The specific tools and introduction are as follows, please buy by yourself according to your needs.
Scroll saw: Use a small bench-mounted or stand-mounted scroll saw to cut the detailed, intricatc wood designs that this book focuses on. Saws come in a range of sizes and prices, from beginner/intermediate saws to professional saws. Sizes 16" (40cm) to 21" (53cm) are the most popular.
Table saw, radial arm saw (pictured), or sliding compound saw: A large stand or bench-mounted saw like any of the examples listed will make cutting square wood shapes quicker,easier, and more precise than simply sawing by hand.(But you can, of course, cut your blanks by hand if you don't have any of these tools.)
Bench sander: A large electric, stationary sander is useful for shaping and smoothing wood in conjunction with a palm sander. Instead of moving the sanding tool over the wood, you move the wood against the sanding tool.I like to use a bench sander after cutting a piece to be used on a trivet. I find that when using a larger sander like this, I can smooth the edges and surfaces quicker than with a palm sander. The bench sander pictured is a 2-in-1 belt and disc sander.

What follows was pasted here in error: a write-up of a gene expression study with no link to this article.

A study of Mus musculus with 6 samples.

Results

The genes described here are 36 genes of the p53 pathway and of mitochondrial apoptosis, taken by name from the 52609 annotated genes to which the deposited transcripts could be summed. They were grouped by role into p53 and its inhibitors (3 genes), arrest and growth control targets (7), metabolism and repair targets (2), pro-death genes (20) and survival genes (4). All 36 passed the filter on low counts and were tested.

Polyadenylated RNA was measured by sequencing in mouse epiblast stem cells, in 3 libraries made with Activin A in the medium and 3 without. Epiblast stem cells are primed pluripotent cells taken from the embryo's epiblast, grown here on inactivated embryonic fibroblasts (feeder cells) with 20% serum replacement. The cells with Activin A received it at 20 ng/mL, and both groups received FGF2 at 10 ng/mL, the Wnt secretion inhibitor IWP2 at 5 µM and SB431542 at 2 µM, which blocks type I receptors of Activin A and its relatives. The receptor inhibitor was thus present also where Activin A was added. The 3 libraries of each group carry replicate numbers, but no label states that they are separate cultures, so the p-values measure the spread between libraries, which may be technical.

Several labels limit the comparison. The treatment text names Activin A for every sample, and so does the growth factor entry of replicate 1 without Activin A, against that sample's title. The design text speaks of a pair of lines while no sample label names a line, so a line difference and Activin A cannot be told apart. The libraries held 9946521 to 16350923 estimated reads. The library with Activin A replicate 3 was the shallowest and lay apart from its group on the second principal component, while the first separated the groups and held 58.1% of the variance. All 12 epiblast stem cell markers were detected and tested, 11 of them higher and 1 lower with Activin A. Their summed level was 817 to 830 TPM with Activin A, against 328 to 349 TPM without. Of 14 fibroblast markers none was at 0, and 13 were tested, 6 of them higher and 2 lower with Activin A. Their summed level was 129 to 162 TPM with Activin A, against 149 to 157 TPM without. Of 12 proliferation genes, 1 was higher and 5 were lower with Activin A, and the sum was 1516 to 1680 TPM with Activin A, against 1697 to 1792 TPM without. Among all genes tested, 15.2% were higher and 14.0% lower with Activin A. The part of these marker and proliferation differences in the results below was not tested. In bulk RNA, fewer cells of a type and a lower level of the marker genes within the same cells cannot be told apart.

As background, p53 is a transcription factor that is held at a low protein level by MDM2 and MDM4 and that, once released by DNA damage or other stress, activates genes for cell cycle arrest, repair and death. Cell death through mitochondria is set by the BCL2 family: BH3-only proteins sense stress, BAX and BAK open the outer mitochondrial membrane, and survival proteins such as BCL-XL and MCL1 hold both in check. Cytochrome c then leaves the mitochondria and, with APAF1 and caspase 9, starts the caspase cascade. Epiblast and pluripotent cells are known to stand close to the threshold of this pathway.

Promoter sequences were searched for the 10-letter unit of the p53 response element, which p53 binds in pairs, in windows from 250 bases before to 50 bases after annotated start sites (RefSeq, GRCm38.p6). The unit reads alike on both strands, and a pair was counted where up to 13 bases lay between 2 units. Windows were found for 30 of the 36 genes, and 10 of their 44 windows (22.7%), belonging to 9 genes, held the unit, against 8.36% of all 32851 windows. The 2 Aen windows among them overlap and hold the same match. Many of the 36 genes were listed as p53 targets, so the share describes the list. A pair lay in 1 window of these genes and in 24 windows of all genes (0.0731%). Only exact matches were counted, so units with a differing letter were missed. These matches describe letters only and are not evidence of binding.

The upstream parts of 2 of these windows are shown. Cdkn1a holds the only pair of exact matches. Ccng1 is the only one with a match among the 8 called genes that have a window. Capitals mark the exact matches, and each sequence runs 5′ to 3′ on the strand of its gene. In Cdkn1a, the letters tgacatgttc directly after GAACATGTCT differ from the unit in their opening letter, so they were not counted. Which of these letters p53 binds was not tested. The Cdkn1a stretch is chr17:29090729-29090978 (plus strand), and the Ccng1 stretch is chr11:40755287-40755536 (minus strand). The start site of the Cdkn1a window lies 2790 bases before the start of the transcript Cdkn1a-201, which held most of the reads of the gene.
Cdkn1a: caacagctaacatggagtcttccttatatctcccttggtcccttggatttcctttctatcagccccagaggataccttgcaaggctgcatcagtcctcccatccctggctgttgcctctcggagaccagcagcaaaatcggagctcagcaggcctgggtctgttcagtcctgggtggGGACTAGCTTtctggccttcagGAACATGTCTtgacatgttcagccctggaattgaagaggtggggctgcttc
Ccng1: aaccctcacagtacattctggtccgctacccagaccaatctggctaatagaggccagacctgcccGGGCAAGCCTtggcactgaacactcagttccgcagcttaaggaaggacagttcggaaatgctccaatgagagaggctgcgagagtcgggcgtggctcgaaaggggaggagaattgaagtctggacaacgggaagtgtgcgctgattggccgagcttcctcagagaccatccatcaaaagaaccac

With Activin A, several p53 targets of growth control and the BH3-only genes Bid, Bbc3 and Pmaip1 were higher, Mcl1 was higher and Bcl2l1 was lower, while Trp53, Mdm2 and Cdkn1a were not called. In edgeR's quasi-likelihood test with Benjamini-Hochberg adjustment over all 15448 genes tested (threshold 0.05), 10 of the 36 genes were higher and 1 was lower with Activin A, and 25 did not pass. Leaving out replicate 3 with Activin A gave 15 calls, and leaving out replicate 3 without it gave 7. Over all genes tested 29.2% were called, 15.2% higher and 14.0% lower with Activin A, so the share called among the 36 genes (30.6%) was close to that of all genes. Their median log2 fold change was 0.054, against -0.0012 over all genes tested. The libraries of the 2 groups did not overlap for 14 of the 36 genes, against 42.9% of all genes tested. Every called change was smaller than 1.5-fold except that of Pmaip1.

Palm sander: This small handheld electric detail sander is great for smoothing wood surfaces before scrolling. It will save you time and elbow grease when compared to sandpaper (but sandpaper is a viable alternative if you don't have a palm sander).
Electric hand drill or drill press (pictured): Use a handheld or stationary drill to drill all the necessary pilot holes in your wood before you start scrolling.
Drill bits (3/64 "[1.2mm] and 1/16 " [1.6mm] or #56 [1.2mm] and #52 [1.6mm], and larger): Choose drill bits relative to the size of each fretwork pilot hole. In general, you will want to use smaller drill bits for very small frets. I recommend sizes for every project. There are also some circular design features, like eyes and flower centers, that will be easier to simply drill to size rather than scroll.
Various saw blades: There are about the types of saw blades.
Assorted needle files (optional): These small handheld files are great for removing fuzzies and burrs from the wood surface in between cuts. They make it easy to get into tight angles and curves.
Compressed air (optional): Use a handheld compressed air canister or larger stationary electrical air compressor to remove dust particles between cutouts and from the surface of the wood.
Painter's pyramids (optional): These small, plastic pyramid shapes allow you to neatly support wood while it is drying after applications of spray varnish, paint, or oil.